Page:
Sanibel Church on mission to build school for Haitians
Imagine a throng of a 1,000 youths pouring through jagged woods to use the bathroom. One trail for girls, another one for boys.
This is life for students attending school in St. Marc, Haiti.
There are cracks in the walls, little equipment for young minds to develop new skills and no toilet facilities.
Yet the 1,000 or so children that live in St. Marc – a community in Haiti about 50 miles from the country’s capital Port Au Prince – want nothing more than to be able to go to school and learn.
But hope is just a few hours away in the form of a mission group from the Sanibel Community Church. The six volunteers are leaving for Haiti on Saturday, April 24 on behalf of the church and Missionary Enterprises, Inc.
Once there the group plans on working to build about a dozen high school classrooms on the top floor of the Haut St. Marc school.
Dan Budd, a church member and owner of Wildseed Construction, is one of the church members who will be going to Haiti. He will be joined by Garry Decker, Joseph Julmeus, Matt Kirchner, Bruce Leary, Chet Sadler, Dave Truelsen.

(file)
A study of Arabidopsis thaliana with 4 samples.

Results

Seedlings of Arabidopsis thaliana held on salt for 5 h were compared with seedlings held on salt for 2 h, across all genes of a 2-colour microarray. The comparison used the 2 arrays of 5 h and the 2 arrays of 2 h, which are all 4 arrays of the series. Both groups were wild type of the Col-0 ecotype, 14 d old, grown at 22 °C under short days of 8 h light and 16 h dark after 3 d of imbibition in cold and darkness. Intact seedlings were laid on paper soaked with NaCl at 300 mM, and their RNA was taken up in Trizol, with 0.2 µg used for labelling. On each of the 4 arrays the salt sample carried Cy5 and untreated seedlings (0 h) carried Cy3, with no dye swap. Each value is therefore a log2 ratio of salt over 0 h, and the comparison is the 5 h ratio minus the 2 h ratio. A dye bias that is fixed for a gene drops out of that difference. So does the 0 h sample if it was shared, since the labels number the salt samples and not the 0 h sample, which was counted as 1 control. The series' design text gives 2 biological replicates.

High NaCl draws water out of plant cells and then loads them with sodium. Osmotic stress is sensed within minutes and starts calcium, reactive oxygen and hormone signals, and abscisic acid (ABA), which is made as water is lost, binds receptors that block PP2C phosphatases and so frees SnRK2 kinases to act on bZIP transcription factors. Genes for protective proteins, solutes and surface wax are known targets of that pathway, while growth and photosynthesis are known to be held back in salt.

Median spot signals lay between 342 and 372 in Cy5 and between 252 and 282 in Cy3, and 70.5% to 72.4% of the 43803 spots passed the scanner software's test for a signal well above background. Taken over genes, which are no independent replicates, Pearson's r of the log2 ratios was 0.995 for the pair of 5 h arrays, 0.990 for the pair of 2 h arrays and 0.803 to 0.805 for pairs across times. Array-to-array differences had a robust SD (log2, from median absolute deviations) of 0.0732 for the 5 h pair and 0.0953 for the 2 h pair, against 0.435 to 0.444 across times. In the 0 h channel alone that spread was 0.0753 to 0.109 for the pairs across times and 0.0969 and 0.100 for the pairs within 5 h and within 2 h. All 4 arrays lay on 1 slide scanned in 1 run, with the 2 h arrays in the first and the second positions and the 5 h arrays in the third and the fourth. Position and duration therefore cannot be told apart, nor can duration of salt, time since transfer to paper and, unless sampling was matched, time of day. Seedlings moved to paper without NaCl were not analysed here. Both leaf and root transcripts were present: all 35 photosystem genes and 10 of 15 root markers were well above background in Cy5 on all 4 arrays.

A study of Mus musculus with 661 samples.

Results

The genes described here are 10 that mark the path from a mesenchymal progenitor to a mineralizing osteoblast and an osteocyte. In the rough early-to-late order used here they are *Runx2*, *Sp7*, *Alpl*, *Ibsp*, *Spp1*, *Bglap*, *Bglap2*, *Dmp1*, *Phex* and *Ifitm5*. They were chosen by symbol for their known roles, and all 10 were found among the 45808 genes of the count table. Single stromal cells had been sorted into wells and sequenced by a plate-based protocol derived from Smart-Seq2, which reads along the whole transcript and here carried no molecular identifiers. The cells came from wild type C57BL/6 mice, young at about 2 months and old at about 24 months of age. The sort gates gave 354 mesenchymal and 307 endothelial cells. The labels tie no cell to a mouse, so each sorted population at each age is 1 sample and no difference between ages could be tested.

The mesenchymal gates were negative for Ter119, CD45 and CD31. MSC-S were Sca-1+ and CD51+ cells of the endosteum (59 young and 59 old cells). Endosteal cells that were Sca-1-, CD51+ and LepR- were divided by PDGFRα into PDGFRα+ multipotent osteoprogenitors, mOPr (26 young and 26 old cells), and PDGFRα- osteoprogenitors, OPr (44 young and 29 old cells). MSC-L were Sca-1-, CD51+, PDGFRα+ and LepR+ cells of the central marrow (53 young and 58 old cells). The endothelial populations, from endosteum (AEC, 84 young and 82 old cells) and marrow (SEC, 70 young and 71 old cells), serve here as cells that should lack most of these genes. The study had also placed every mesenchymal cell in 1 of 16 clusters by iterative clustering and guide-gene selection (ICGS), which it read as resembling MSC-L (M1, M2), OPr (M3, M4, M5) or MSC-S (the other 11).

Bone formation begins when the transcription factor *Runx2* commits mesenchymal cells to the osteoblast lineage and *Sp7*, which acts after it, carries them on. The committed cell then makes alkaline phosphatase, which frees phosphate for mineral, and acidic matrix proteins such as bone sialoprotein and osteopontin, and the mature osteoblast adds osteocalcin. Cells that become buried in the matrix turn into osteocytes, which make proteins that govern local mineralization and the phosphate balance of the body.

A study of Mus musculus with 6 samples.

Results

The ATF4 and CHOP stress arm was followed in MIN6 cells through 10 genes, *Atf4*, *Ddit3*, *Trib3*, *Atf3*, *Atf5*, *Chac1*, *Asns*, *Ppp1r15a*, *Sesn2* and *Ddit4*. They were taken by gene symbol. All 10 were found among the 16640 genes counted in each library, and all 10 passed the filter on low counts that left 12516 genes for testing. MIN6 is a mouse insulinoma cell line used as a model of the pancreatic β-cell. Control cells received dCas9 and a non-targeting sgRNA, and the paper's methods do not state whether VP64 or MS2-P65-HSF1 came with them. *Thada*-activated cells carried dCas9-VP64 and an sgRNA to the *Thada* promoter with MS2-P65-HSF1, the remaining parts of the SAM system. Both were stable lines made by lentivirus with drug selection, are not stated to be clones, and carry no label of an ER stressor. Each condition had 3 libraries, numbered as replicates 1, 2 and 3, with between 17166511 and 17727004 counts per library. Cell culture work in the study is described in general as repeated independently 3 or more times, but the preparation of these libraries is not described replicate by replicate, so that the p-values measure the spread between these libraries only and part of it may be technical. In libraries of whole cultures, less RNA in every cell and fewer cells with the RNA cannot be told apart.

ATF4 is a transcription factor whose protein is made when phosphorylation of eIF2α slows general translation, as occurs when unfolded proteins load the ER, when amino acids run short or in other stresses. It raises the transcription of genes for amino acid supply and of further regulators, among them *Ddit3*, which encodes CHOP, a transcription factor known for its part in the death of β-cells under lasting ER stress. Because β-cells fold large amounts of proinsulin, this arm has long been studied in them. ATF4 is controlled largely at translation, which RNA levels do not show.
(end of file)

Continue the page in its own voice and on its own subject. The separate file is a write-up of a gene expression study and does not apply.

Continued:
Budd, a father of four, is touched by the Haitian children’s challenges they face in going to school. The image that shakes him up a bit is of the children being forced to pad into the woods in order to relieve themselves.
“It’s by far the poorest country,” Budd said. “So little goes so far.”
Brad Livermon, the Missions Pastor for the Sanibel Community Church, said the mission is two-fold. The goals are to help build classrooms for the students as well as spread the Christian faith and develop relationships.
The main project entails building around a dozen classrooms, installing benches and stools and if there is enough material constructing latrines.
But on the spiritual side, Livermon hopes to inspire the word of God through the use of solar operated kits that play the New Testament portion of the Bible in Creole. The missionary group is bringing enough of the boxes for about 300 people to be able to listen to hear. The missionary members will also be bringing a film about Jesus, called “the Jesus Film Project,” which is translated in Creole, Livermon said.
Members of the Sanibel Community Church have done missionary work in Haiti before. Last year, the church’s youth group worked with children’s camps in Haiti.
But creating dialogue and bonding with the Haitian people as well as learning about their culture is paramount during this mission.
“I think it’s huge,” Livermon said. “The biggest thing we want to do is build relationships.”
The Sanibel Community Church is collecting donated items for the mission. For a complete list of items, contact the Livermon at 472-2684.